Students were invited to participate in the Office of Residential Life and Learning (ResLife) furniture pilot program, which ran from Tuesday, March 29 to Friday, April 1 in Latin Way.
The program, publicized via email, gave students the chance to view and evaluate new furniture options being considered by ResLife to replace currently in-use moveable furniture in residence halls next year.
Residential Facilities Manager Daniela Sousa said student survey responses will play a large role in ResLife’s furniture selection.
“If many students didn’t care for the lofted set-up, we are not going to pursue [that option],” she told the Daily in an email. “The purpose of this exercise is to see if students can relate to the pieces and whether they would like to see these items in their residential halls.”
Sousa explained that she and the other program facilitators want to making living spaces more comfortable and conducive to learning.
“We understand the importance of having a get-away or making your home away from home a sanctuary where you can [be relieved of] the pressures of school,” she said. “If Facilities can provide more modern, well-constructed pieces that make living in the apartments more favorable to student’s hectic lifestyles, then we feel we have met our goal.”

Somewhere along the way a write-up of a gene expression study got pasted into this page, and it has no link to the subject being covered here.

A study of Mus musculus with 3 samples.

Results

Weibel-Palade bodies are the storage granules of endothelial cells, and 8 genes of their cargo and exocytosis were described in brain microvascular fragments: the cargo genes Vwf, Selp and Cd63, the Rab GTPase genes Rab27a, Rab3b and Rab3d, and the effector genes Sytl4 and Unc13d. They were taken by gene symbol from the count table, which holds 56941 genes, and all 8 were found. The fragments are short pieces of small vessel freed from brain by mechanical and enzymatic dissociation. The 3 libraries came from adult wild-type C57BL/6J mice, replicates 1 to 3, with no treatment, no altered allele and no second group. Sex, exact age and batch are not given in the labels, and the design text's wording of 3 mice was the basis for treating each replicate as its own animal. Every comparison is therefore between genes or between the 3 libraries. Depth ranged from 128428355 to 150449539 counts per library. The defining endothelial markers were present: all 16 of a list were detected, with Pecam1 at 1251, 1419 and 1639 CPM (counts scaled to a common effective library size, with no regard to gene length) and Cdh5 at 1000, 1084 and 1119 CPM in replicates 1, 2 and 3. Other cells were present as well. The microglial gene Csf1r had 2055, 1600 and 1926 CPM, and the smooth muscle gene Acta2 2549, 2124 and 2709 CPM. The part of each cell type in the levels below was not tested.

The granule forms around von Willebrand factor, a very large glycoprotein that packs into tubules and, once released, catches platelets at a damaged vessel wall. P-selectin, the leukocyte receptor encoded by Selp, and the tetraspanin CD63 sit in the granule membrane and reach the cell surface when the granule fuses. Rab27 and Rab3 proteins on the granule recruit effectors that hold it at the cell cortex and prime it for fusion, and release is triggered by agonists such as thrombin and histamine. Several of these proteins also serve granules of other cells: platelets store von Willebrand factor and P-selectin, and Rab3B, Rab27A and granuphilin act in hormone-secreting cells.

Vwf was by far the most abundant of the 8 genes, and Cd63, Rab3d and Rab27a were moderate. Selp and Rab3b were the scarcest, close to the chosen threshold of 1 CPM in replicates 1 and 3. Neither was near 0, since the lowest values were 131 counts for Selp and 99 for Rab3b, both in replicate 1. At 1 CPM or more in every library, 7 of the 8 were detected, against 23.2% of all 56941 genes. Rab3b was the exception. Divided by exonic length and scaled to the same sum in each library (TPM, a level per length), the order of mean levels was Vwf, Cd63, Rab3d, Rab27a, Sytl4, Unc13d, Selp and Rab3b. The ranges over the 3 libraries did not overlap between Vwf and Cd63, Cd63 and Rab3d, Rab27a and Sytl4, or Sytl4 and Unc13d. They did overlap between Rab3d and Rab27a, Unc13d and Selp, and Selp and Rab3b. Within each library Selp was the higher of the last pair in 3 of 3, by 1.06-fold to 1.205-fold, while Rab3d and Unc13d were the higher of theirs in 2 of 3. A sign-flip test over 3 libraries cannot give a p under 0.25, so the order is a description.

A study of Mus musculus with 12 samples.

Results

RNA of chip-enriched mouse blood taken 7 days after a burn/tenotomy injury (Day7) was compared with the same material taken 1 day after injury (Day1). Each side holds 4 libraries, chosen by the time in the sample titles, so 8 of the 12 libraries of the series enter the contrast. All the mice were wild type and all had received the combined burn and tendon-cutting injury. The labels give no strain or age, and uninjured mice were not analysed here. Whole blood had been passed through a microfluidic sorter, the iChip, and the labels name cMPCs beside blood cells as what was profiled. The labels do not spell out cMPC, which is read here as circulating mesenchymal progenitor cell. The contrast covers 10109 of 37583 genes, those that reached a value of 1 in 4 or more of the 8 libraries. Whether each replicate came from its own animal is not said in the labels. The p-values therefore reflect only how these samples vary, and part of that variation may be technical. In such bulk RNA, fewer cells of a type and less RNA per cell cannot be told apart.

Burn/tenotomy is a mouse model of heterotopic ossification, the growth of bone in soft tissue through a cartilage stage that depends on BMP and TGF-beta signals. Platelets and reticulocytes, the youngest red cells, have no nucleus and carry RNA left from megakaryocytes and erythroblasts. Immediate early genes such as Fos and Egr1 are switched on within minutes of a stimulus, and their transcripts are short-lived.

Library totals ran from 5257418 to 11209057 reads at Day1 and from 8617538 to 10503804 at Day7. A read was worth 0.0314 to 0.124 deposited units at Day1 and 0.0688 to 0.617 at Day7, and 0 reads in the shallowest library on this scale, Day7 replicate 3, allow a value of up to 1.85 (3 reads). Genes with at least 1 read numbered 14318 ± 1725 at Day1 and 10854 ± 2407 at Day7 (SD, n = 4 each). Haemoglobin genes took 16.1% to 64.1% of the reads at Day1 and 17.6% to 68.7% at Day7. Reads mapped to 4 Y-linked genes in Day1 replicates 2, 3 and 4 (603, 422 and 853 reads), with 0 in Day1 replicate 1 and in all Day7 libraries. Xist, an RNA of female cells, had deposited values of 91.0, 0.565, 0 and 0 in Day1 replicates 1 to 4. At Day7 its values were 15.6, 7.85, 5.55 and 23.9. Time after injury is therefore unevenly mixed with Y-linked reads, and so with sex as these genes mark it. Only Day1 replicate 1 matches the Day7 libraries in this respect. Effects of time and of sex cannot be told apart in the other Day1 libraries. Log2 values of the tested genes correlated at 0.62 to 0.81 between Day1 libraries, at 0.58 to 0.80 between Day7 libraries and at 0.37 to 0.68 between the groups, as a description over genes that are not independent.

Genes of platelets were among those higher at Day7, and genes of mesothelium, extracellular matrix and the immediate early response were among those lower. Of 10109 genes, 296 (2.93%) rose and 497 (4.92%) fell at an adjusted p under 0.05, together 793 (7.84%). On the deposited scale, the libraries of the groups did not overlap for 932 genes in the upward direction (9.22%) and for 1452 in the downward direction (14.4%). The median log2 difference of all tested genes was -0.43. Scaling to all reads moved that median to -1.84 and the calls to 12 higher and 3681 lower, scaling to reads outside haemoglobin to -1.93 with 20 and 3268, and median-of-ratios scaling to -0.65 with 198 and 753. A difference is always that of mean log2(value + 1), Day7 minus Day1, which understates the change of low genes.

Participating students walked through Latin Way suite C340 — where the furniture was displayed in museum fashion — and indicated their opinions on the various selections according to a ranking scale of “Excellent,” “Very good,” “Good,” “Fair” and “Poor.” On display were bed systems, desks and coffee and end tables from two furniture suppliers, New England Woodcraft and Sauder Education.
Even though furniture is replaced, repaired and purchased for residence halls every summer, this year’s pilot program represents a more drastic change, Sousa said.
“We want to create standards with counter-height tabletops with matching stools, coffee tables in the living room and provide more storage opportunity in the bedrooms,” she said. “Our goal is to make the suites feel more like home, which should directly correlate to students having a greater appreciation for living on campus.”
First-year Elisabeth Frick, who participated in the feedback program, said she appreciated the opportunity to view the furniture since students often spend a lot of time in their rooms.
“The display in Latin Way allows for students to essentially choose their own surroundings,” she said. “It’s really cool that something I choose today could possibly be in my own room next year.”
The new furniture chosen through the pilot program will impact the approximately two-thirds of students living in campus-affiliated housing, according to 2014 data from US News & World Report. Back in 2014, there were around 3,300 students living on campus, according to a Sept. 15, 2014 email from ResLife Director Yolanda King.
King explained that the pilot program aims to improve residence halls for students living on campus.
“Our departments are working collaboratively to provide resources and services that will continue to enhance the students’ residential experience,” King told the Daily in an email.